Image: Security personnel at the domestic airport in New Delhi, India
Security personnel keep vigil at the domestic airport in New Delhi, India, Friday. Gurinder Osan / AP
/ Source: The Associated Press

Indian airports were on high alert Friday after intelligence services received information that al-Qaida-linked militants were plotting to hijack a plane.

Such an attack would be the first major terror strike against India since 10 militants rampaged through the city of Mumbai for three days in November 2008, killing 166 people.

Aviation spokeswoman Moushumi Chakravarty said that the airports were placed on alert Thursday after the government received warnings from the intelligence agencies.

A report in The Indian Express newspaper, which Chakravarty confirmed, said intelligence officials had uncovered a plot by militants linked to al-Qaida and the Pakistan-based Lashkar-e-Taiba group to hijack an Air India or Indian Airlines flight destined for a neighboring South Asian country.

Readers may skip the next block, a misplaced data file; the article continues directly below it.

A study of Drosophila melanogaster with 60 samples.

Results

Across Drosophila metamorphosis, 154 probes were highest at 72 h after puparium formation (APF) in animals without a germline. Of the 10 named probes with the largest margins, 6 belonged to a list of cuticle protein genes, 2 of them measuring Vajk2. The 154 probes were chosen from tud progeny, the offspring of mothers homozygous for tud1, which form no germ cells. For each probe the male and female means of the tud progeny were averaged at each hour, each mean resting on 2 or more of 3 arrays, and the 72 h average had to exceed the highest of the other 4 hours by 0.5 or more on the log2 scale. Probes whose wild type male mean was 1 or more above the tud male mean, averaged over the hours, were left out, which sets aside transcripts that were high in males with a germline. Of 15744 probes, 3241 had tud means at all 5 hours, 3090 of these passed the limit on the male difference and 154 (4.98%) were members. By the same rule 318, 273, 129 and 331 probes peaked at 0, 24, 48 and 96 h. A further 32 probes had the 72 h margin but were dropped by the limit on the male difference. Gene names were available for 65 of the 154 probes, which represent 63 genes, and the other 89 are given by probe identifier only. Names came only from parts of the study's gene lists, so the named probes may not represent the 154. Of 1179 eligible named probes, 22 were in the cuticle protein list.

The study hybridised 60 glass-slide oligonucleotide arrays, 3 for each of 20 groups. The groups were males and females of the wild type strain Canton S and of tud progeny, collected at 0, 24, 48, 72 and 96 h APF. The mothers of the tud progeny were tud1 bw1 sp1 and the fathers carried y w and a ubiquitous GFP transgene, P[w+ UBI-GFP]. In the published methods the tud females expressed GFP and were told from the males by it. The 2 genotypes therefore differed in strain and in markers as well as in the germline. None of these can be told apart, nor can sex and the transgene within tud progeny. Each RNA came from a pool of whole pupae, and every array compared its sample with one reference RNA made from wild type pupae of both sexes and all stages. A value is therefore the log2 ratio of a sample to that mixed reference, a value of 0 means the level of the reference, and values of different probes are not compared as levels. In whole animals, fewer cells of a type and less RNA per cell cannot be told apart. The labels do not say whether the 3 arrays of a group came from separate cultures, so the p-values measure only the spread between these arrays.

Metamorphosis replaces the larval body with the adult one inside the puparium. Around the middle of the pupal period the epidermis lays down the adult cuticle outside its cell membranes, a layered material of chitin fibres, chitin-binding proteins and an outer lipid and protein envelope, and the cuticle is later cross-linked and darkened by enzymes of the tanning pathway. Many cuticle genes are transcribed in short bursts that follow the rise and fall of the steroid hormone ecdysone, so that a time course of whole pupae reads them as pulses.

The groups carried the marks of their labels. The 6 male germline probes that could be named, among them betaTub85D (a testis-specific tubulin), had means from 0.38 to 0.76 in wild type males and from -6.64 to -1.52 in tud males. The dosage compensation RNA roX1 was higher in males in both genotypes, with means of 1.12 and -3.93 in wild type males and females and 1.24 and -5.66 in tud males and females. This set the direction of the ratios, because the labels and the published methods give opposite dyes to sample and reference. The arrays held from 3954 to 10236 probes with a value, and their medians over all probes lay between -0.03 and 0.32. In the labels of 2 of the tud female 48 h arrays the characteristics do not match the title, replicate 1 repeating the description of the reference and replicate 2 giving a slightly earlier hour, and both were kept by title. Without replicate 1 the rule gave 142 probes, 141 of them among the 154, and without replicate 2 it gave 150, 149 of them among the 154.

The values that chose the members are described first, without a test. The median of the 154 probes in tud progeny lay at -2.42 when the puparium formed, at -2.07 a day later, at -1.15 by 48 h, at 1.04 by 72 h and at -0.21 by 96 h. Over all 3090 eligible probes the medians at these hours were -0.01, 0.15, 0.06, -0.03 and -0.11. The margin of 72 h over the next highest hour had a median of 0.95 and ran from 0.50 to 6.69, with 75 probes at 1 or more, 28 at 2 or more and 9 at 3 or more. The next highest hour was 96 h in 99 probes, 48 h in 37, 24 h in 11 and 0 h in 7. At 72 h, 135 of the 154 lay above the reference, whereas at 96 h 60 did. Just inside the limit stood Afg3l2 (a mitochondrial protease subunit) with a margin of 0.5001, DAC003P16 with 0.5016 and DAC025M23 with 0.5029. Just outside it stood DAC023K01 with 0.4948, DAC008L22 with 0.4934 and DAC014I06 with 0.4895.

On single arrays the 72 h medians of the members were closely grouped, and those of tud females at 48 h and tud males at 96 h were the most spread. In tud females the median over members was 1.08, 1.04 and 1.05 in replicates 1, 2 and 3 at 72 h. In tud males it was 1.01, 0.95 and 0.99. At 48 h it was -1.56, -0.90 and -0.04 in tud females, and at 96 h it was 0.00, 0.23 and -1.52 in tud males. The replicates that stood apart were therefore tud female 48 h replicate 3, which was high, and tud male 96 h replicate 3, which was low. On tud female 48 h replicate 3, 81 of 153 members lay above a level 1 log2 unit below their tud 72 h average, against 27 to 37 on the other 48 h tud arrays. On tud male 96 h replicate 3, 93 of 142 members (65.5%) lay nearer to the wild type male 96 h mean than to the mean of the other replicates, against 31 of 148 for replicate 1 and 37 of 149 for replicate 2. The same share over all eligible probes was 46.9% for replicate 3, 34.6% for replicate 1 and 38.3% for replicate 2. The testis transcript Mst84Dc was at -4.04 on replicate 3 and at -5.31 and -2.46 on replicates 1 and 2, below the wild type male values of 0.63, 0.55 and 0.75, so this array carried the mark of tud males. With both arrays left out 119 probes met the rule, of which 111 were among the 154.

U.K. Bansal, a top home ministry official, said security was tightened at all airports and passengers were being subjected to more intense security screenings. The India Express reported that sky marshals would also be deployed on flights around the region.

Indian media said the hijack threat was uncovered during the interrogation of Amjad Khwaja, a militant leader belonging to Harkat-ul-Jihad-al-Islami, an extremist group involved in numerous terror attacks in India.

Khwaja was arrested in the southern Indian city of Chennai last week and was being questioned by Indian police.

The terror alert came just days after U.S. Defense Secretary Robert Gates warned that a syndicate of terror groups affiliated with al-Qaida was trying to foment a new war between India and Pakistan.

The nuclear-armed neighbors have fought three wars, and efforts to resolve their long-running dispute over the Kashmir region were frozen after the Pakistan-based militants attacked Mumbai in 2008.

Gates praised India for its restraint after the Mumbai attack, but expressed concern that the government would have a hard time reacting so cautiously if it were hit again.